A Piece of Pascagoula History on the Market

I recently saw a Pascagoula real estate listing that caught my eye.  The former Pascagoula National Bank at 535 Delmas Avenue is on the market.  Originally built in 1938, the bank is the only building I am aware of that R. W. Naef designed in Pascagoula.  According to the MDAH HRI database entries for Naef, it is only one of two buildings designed by him or his firm on the coast.

(Old) First National Bank Building [(old) Police Building] 535 Delmas Ave Pascagoula Jackson County JRosenberg MDAH 8-2-13 from MDAH HRI Accessed 4-1-16

Former First National Bank Building. Pascagoula, Jackson County, Miss. built 1938 R.W. Naef Archt. 535 Delmas Ave Pascagoula Jackson County JRosenberg MDAH 8-2-13 from MDAH HRI Accessed 4-1-16

Over the years the building was re-purposed to serve as a police station and most recently held offices for the U.S. Treasury Department, the Department of Homeland Security, and the FBI. I imagine one of those groups may be indirectly responsible for the removal of all the historic fenestration. In historic pictures the building had large windows on the first floor that appear to be multi-light steel casement windows and a plethora of one over one wood sash on the second floor. With just a quick count from our two photos I see 31 windows in the historic photograph (counting storefronts and large first floor windows as one each) and only 14 windows in the current day photograph. It really goes to show how important windows are to a building’s appearance.

Another missing feature seen in historic photos (and confirmed by Sanborn maps) are the two storefronts that were on the right hand side of the east elevation.  These two store fronts would have provided plenty of rental income for the bank.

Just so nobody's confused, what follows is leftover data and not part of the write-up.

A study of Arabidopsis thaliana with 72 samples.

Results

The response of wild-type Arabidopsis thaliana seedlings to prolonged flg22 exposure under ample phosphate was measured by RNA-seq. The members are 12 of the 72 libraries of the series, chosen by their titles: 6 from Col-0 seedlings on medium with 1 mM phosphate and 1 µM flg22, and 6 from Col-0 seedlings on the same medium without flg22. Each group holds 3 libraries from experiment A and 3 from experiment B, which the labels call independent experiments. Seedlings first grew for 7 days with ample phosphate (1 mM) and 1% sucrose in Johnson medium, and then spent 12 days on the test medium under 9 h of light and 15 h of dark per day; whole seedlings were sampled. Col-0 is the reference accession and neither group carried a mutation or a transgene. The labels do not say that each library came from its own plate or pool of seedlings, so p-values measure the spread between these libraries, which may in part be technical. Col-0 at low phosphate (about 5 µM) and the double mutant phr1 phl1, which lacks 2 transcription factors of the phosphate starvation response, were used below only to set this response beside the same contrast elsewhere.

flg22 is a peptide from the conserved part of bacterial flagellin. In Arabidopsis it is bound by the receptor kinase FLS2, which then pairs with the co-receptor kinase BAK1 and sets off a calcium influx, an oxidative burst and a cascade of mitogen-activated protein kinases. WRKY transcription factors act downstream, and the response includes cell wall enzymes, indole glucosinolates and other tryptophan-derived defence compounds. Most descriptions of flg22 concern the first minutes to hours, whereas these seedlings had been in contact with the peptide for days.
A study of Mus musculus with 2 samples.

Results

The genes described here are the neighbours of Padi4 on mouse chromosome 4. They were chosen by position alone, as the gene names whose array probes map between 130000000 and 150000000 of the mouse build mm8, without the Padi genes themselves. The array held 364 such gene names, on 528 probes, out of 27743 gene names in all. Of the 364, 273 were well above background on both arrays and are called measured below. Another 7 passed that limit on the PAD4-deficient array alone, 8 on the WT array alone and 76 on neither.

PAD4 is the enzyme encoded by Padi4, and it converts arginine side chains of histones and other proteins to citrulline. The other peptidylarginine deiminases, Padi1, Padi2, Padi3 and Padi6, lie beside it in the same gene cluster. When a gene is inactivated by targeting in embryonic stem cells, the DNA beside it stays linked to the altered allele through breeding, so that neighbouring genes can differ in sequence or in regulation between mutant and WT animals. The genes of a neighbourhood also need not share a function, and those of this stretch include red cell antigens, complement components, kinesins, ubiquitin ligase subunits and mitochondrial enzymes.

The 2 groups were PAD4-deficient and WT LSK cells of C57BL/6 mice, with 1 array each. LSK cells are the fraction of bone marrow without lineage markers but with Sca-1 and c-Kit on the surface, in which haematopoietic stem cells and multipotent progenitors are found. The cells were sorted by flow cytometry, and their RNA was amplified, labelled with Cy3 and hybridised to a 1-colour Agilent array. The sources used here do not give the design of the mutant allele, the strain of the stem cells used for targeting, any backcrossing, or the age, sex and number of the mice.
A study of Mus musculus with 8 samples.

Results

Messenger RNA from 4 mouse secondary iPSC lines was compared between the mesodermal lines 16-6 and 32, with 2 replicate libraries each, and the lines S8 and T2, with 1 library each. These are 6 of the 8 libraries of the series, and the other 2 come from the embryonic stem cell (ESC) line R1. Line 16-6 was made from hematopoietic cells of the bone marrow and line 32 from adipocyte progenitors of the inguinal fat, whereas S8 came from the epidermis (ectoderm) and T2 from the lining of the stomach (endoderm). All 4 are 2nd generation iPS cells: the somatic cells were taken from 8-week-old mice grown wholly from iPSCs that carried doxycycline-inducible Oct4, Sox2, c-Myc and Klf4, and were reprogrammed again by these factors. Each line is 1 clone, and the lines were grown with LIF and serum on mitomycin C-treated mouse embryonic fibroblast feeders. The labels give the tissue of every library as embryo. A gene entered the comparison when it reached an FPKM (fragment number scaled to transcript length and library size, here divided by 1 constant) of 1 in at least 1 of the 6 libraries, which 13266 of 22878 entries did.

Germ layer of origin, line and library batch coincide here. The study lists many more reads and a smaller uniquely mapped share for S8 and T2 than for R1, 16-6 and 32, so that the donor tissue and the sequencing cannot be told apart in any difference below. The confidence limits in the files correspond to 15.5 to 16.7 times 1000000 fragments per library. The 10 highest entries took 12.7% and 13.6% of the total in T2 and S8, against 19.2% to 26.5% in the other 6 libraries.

Pascagoula National Bank. The Chronicle-Star 10-21-1938 Courtsey of the Pascagoula Genealogy and Local History Department, Jackson-George Counties Regional Library System.

Pascagoula National Bank. The Chronicle-Star 10-21-1938 Courtesy of the Pascagoula Genealogy and Local History Department, Jackson-George Counties Regional Library System.

 

Terrazzo Floor, Vestibule

Terrazzo Floor, Vestibule

Unfortunately none of the interior shots in the mimeographed article came out well enough to share here but the interior has an Art Moderne flare that any Pascagoulan in 1938 would have been at home with, considering the wonderful Art Moderne Pascagoula High School was under-construction and would be completed in 1939.  Not much of the original interior remains today based on viewing the realtor’s photographs.  But having peeked in the front door myself I can say that some wonderful terrazzo flooring remains in the vestibule.  Something curious that remains unchanged about the building are the two metal pipes that appear to be holding up the utility poll on the east elevation.  Those pipes may relate to the telephone exchange that was an original second floor tenant.  Who is our resident MissPres telephone expert?

A little bit of work could make this building really shine again.  With all the original openings put back into place the interior would have loads of natural light.  With a National Register listing for the building the work might even be eligible for preservation tax credits to boot.

RW NAEF Pascagoula National Bank The Chronicle-Star 10-21-1938

R.W. Naef Congratulatory advertisement. The Chronicle-Star 10-21-1938. Courtesy of the Pascagoula Genealogy and Local History Department, Jackson-George Counties Regional Library System.

 



Categories: Banks, For Sale, Historic Preservation, Pascagoula, Renovation Projects


  1. Another Bubbazation of our historic architecture as was done to R.W. Overstreet’s Demonstration High School on the Mississippi Southern campus in 1964. Dr. McCain must not have been around, then. I attended a 1983 Demonstration High School Homecoming that was held in one of the campus’ second floor buildings, and I had wondered at the time why the old school building was not chosen as a site for the gathering. I learned later that the slash-n-burn crews had lowered the ceilings, tore out the wood floors–replacing it with concrete– and removed all the wood windows and door frames–including the doors and windows. I’m sure that Mrs. Foote–Shelby’s aunt and my and my parent’s math teacher– had wanted to shield us from the horrors done to our school building. At that gathering, my father introduced me to his high school Indian motorcycle-riding friend, Carey Loftin, who had come from Hollywood just for the occasion. Carey Loftin was stunt-riding Indian motorcycles while attending Demonstration School and went on to become well known for his film work. Loftin did Robert Mitchum’s bootlegger driving in Thunder Road.